Sussex Estates and Facilities, the outsourced business in charge of making changes to the campus site, recently commissioned an accessibility audit that flagged over 120 high priority issues with physical accessibility features of the campus.

‘High priority’ is defined in the report as any problem which presents “a significant barrier that is likely to make access impossible or unreasonably difficult for a disabled person”.

The Access Sussex campaign has responded to the report by saying: “There are hundreds of small but difficult barriers that students and staff with disabilities face at this university. We hope that urgent action is being taken to make the necessary changes.”

The report comes just after the University rejected a proposal by Welfare Officer Rianna Gargiulo for the establishment of an ‘Equality and Diversity Director’ for the University.

Of the thirty-six institutions Sussex internally compares itself to, all have at least one member of staff responsible for equality and diversity.

The University last had the position of Equality and Diversity Director filled in 2006, when the previous staff member left the University.

Gargiulo said “I’ve taken the proposal to the committee on three occasions and was only given three minutes in the most recent meeting with the university.”

Between 2009 and 2014 the total number of permanent withdrawals from the University decreased by 22.3%, but increased by 10.5% for students with disabilities, according to a 2015 Freedom of Information Request. The Access Sussex campaign has cited this data to make the case for the employment of an Equality and Diversity Director.

A spokesperson for the University said: “The percentage of Sussex students in receipt of Disabled Students’ Allowance has increased by over 25% from 2010 to 2013/14”.

Last year’s graduation statistics show that 69% of black students obtained ‘Good Degrees’, compared to 83% of white students at the University. Access Sussex says that this is further evidence of the need for an Equality and Diversity Director.

Ethnic Minority Students’ Officer, Jaja Jasper Chinedum, commented: “An Equality and Diversity Director would work to address these and more issues and explore other areas that can positively influence academic performance of BME or ethnic minority students.”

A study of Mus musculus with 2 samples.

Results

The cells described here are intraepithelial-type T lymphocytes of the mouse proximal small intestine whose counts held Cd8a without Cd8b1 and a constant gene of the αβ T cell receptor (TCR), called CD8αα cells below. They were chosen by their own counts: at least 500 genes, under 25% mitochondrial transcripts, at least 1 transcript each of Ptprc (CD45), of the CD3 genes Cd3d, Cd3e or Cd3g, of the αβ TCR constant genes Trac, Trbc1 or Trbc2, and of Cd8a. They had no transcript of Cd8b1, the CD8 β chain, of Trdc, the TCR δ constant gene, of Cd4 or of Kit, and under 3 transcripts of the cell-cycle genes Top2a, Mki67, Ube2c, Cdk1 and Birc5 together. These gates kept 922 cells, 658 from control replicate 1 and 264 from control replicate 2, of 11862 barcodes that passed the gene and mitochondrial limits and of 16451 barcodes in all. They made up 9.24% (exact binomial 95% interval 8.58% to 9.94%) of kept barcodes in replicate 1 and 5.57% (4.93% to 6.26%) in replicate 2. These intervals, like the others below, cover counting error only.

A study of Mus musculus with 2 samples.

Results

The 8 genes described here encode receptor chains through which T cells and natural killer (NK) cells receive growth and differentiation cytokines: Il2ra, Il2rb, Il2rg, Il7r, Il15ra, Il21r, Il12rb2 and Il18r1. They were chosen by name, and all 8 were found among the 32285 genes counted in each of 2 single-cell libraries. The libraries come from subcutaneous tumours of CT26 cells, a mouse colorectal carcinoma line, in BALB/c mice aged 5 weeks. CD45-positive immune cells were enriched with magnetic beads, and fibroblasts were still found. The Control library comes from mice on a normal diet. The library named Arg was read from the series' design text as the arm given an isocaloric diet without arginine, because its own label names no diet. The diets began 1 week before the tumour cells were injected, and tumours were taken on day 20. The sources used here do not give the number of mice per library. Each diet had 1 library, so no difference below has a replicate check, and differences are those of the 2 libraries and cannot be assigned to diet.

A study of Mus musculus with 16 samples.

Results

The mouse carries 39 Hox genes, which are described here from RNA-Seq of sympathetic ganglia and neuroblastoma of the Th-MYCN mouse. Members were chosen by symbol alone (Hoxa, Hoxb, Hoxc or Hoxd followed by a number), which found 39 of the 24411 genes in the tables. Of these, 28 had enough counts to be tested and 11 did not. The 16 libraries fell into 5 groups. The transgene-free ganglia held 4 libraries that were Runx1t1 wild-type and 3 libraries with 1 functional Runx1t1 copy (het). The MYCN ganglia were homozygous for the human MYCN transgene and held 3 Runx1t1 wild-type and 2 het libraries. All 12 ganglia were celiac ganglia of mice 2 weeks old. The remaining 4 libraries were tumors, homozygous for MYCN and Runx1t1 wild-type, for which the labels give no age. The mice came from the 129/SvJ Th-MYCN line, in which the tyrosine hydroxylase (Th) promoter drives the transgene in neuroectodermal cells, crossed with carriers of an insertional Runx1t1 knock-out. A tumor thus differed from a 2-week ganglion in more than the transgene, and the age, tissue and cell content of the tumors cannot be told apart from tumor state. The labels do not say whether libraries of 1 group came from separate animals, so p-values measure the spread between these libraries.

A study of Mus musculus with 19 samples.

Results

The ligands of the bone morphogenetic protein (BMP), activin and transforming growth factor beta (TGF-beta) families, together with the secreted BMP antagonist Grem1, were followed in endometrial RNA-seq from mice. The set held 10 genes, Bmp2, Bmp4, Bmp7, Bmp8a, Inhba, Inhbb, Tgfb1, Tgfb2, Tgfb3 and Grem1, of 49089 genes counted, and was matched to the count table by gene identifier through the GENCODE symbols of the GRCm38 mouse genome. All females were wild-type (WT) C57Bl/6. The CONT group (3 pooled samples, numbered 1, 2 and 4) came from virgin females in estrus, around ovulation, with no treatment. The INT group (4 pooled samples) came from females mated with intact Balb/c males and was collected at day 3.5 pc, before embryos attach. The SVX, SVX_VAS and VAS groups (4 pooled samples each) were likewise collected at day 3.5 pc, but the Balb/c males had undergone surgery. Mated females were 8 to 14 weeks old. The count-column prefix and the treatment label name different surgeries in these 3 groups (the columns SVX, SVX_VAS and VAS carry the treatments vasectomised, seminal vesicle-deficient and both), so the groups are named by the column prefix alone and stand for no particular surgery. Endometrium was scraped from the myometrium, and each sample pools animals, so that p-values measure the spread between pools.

Welfare Officer Gargiulo added “E&D is a huge area of work and an undertaking which cannot be adequately supported by a mere three committee meetings a year, and a vague expectation that ‘everyone will do their bit’.

“Although I understand the University’s concerns with regards to centralising this type of work, its current experiment in ‘mainstreaming’ equality and diversity is not sufficient. It is an unreasonable request to expect staff to undertake responsibility for something as vital and complex as equality and diversity as an add-on of their existing roles.

“A central post, responsible for coordinating this area of work, would also be responsible for ensuring that the principles and values of equality and diversity are embedded across the institution, and not left to one person to handle

“I highly doubt that the University will be able to achieve anywhere close to these goals until it prioritises this area of work and commits funding to staffing this area, as almost every other university has done.

A spokesperson for the University responded: “The University’s strategic plan places equal opportunities at the heart of all we do. We take our equality and diversity commitments very seriously and have a number of forums and committees in place”.

Miriam Steiner 


    Sussex is well ahead of the UK average in terms of closing the attainment gap between students. At the last graduation 84% of UK students achieved a good degree at Sussex. 85% of white students compared to 79% of BME and black students, so an attainment gap of 6%. Nationally the gap is 15% for BME and 26% for Black students, so you can see Sussex is making positive strides. And we are committed to doing more.

    Stating that there has been a 10.5% increase in withdrawls for students with disabilities since 2009 without including a full explanation of the data is wholly misleading. The number of undergraduate students at Sussex has grown in the past 5 years from approximately 8,400 to 10,000, meaning there has been virtually no change in the withdrawal rates, they’ve remained static since 2009. When you also consider, as you mention, that the number of Sussex undergraduates with disabilities rose during this period by 25%, we are looking at quite the opposite to what has been implied in the article.

    We are also working hard to improve the accessibility of our services and campus infrastructure. Although we meet all of our regulatory obligations, some of our buildings are more than 50 years old and we have a planned programme of improvement works that we are rolling out.